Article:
Creative Scotland pledges action to ensure fairer treatment for arts workers

Scotland's national arts agency has pledged to do more to ensure fairer treatment of workers when funding decisions are made in future.

Creative Scotland has promised to step up efforts to increase the diversity of people working in the cultural sector.

Helping to tackle the climate crisis by ensuring the cultural sector becomes more sustainable has also been set as a key priority for the next few years.


The Edinburgh Festival Fringe is at the centre of an ongoing debate about the treatment of people working in the arts in Scotland. Picture: David Monteith-Hodge

The pledges were made by Creative Scotland chair Robert Wilson, who has just been reappointed in the role for another four years.

Scotland’s biggest event, the Edinburgh Festival Fringe, has faced demands for change from activists and union leaders to ensure people working on shows and venues are treated better.

Fringe Society chief executive Shona McCarthy last week declared there will be “absolutely no place” for exploitation of people working at the festival in future.

Creative Scotland has admitted the pandemic “showed the inequality that exists within the arts, screen and creative industries", particularly freelances, with low pay and uncertainty of employment both commonplace.

Robert Wilson has been reppointed for a second term as chair of Creative Scotland.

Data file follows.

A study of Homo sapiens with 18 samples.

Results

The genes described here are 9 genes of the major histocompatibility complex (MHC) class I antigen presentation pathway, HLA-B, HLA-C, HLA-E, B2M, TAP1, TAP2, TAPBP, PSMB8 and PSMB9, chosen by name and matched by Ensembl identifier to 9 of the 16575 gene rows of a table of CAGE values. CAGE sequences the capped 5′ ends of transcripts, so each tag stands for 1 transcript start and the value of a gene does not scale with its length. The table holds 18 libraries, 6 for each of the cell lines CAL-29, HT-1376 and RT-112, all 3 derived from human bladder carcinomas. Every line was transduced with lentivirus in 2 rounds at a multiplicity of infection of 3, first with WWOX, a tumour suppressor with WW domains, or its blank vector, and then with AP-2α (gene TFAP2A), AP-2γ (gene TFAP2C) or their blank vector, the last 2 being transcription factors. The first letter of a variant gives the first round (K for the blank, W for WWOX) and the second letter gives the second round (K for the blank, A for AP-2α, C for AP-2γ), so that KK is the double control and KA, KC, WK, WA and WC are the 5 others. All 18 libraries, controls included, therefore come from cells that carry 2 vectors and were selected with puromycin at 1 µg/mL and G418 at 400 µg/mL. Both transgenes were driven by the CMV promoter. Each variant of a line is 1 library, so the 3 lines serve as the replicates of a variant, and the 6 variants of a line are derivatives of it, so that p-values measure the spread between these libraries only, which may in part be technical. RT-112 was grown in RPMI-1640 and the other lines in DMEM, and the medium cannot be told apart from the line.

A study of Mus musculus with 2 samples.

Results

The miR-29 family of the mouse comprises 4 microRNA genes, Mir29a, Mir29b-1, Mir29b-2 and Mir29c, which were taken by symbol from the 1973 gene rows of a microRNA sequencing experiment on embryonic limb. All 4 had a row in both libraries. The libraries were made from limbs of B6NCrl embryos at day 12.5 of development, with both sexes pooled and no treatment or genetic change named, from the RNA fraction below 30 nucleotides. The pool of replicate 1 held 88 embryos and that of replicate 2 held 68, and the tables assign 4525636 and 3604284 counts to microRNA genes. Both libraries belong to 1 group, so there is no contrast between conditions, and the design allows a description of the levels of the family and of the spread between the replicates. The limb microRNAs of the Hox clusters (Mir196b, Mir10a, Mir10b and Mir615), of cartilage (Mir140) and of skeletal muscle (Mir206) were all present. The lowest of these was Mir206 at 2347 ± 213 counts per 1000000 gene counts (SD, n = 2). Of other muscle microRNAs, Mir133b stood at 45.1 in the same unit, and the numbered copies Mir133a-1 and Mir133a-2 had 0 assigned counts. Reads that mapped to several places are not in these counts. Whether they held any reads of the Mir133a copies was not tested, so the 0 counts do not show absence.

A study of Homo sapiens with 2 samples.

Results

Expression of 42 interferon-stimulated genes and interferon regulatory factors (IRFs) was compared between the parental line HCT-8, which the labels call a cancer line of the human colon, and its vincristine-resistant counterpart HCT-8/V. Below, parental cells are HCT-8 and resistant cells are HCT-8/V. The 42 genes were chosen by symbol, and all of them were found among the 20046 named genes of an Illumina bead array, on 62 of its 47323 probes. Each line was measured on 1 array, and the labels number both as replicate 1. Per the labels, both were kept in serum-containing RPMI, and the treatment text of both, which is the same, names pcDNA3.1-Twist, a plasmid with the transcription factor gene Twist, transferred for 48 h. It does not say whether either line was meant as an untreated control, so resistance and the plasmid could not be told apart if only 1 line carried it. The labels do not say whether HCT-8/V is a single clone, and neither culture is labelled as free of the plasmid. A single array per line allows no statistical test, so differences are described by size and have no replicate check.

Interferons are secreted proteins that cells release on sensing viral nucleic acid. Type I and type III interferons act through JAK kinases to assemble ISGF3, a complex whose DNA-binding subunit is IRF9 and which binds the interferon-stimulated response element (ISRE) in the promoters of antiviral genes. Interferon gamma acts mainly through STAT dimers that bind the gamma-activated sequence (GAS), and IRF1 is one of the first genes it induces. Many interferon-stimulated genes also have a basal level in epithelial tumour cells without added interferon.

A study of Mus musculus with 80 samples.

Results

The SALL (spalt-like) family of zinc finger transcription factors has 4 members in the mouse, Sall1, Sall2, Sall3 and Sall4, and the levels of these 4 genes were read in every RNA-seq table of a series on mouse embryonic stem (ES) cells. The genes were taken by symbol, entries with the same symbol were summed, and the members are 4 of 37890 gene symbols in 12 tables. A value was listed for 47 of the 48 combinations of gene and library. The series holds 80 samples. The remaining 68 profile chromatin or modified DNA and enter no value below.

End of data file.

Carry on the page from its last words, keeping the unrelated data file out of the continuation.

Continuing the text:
Its latest annual action plan states: “As the sector recovers, if opportunities and budgets remain restricted, there is an evident risk that should this inequity not be recognised and acted upon, the working terms and conditions of many could deteriorate yet further.

“We want to help ensure that sectoral renewal is built upon applying the principles of fair work.

"By this we mean playing our role in helping to create the conditions for more meaningful and sustainable opportunities to work across, and progress through, the sector.

“This includes ensuring that every individual or organisation we fund provides terms and conditions which are demonstrably fair, whilst advocating for the importance of these principles being applied universally.”

Writing on Creative Scotland’s website, Mr Wilson said future funding programmes would be designed to better meet the needs of cultural organisations.

But he added: “We will be focused on addressing the challenge of fair working practices in the culture and creative sector and using our funding and influence to raise standards, promote skills and develop talent in a sustainable and fair way.

"Alongside this, we’ll maintain a focus on equalities, diversity, and inclusion at the heart of everything we do.

"I continue to be committed to increasing the diversity of those who receive our support and benefit from it.

“We all want to see more people from all parts of society accessing culture and creativity as part of their lives."

Mr Wilson said Creative Scotland was considering how best to address the climate emergency, which he described as “the most significant challenge facing humanity”.

He said: “We’re in the final stages of developing a ground-breaking climate emergency and sustainability plan.

"This will deliver a step change in terms of how we, as an organisation, and the culture and creative sector, can work collectively to address the climate challenge that faces us. It will shape how we operate and how we work with others for years to come.”